SAVEH, Iran - Mehri Roustaie Gherailou is unlike any other mayor in Iran - she's a woman.
The 41-year-old manager of the small city of Saveh, situated around 100 kilometers (60 miles) southwest of Tehran, is only the second woman to run a town in the 25-year-old history of the Islamic republic, and at present the only female in such a job.
And she has no hesitation in pointing out her difficulties swimming against the tide in a traditionally male-dominated society.
"Men cannot give up power to women that easily," she says in her office in Saveh, once famed for its pomegranates but now a busy industrial centre and trading crossroads between six provinces.
Women, she said, are generally seen as less tolerant of laziness and corruption, something that makes them "very hard to accept".
When the city council appointed her mayor in May - a political upset in the town - Roustaie said she started her job of cleaning up the drab town of 140,000 people by sweeping a broom through her new office.
"On my first day in the office, I made the necessary changes in the municipality that none of the previous mayors had done," said Roustaie, a calm but resolute woman who gives the impression of being well on top of her job.
"I immediately replaced two deputies and some directors who were no longer trusted by people. I also started to deal with cases that have been stuck in the bureaucracy for up to five years," she said.
She said the council backed her simply because she dared to apply for the job, which Roustaie admitted was a "teenage dream" of hers. In winning the post, she beat a male opponent backed by the town's deputy to the national parliament.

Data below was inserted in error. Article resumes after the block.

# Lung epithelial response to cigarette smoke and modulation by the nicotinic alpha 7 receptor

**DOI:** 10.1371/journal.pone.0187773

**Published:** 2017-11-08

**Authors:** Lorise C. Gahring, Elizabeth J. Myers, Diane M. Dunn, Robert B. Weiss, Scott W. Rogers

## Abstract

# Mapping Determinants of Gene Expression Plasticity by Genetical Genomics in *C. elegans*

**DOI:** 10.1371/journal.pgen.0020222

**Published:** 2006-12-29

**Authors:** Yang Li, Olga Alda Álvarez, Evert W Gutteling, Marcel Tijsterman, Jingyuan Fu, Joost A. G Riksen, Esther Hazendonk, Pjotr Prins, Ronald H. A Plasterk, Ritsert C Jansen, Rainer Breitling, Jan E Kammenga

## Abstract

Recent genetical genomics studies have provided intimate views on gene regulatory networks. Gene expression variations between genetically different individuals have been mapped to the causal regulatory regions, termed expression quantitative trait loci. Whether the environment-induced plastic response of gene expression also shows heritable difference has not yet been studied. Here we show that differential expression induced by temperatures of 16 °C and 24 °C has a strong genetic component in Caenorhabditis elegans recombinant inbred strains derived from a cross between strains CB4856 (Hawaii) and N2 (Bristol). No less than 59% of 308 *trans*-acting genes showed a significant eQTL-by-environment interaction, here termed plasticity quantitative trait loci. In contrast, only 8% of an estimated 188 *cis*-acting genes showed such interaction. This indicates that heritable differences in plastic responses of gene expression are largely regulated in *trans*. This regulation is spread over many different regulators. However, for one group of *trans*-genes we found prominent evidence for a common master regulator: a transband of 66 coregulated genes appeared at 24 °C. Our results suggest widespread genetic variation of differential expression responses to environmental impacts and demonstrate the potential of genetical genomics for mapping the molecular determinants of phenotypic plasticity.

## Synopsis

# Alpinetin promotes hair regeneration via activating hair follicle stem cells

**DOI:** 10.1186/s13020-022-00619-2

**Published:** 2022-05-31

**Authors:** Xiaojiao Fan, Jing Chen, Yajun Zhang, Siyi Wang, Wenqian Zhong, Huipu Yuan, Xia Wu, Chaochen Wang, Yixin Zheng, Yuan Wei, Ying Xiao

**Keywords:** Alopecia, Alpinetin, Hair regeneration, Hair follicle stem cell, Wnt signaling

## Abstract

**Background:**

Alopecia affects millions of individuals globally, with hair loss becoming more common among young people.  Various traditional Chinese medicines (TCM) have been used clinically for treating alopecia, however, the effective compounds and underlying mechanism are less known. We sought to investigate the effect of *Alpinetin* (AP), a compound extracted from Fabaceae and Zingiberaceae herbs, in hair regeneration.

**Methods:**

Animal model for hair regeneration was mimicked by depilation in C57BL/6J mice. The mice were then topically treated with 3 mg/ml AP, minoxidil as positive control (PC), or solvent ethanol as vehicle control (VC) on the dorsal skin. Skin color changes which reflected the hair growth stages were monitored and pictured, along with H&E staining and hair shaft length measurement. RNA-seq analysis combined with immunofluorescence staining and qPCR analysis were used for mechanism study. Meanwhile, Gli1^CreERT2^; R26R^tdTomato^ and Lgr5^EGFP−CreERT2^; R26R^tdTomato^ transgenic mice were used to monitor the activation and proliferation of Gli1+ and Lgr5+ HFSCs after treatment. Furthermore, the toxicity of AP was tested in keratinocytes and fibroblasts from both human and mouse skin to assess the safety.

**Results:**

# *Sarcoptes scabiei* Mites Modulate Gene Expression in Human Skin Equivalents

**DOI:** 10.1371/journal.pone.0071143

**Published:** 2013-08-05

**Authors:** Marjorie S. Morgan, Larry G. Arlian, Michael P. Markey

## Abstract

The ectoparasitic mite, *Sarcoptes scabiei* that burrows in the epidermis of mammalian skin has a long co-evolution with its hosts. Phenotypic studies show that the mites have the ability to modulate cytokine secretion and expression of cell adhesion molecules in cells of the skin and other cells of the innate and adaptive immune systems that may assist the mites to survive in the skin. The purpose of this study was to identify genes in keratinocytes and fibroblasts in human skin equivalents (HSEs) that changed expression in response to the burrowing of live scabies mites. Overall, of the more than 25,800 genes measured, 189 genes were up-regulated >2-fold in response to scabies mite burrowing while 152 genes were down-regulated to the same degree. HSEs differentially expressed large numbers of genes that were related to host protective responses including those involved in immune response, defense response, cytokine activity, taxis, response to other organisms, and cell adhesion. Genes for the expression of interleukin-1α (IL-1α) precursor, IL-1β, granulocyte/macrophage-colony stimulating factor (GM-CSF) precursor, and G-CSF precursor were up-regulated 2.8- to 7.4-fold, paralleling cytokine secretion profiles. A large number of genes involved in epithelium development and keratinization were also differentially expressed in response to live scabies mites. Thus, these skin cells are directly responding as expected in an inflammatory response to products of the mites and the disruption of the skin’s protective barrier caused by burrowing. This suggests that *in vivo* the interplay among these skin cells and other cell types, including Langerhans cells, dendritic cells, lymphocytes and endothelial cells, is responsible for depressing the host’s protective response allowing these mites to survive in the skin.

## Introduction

But the mayor has her work cut out, even if she has been earning points for heading with her team out onto Saveh's streets to meet and talk more with constituents.
The town has in recent years been flooded with some 40,000 migrant workers looking for work at its industrial, mining and agricultural facilities. There is an unmanaged labour structure, sloppy construction and overstretched public services.
The mayor also has a few ambitious projects up her sleeve: the "Ladies' Garden", a women-only cultural and sports complex which is the fourth of its kind nationwide; low-cost housing; a town computer centre and new cultural offices.
For whatever reasons, she admits some people in the small city of Saveh are upset.
"Some people have tried to set fire to one of the projects under construction. I get discouraging messages from people hoping that, in the end, I will give up," she explains.
A family woman who was the eldest of eight children, she says her father always asked her opinion. She ended up completing her education with a masters degree in management - one of the thousands of women who currently outnumber and outperform their male counterparts at universities in the Islamic republic.
And now her husband, an agricultural engineer, gives his support to her political career, having told her "you can!" when she first showed an interest in becoming mayor.
Islamic Iran's only other female mayor served from 2001 to 2003 in the small town of Firouzkoh to the east of Tehran. There are also just a small handful of women serving in parliament, even if women are seen working in public offices across the country.
But Roustaie, clad in the ubiquitous black chador, shies away from defining herself as a feminist. Instead, she prefers to point out what she does not like: male-chauvinism.
And women, she says, could also do much more to advance their position in society.
"I do not mind about what gender my staff are. I used to be a teacher, a member of the town's Women's Committee, an advisor to the governor, a member of the city council since its establishment in 1999. So I believe women are as guilty as men for not getting decent positions in society."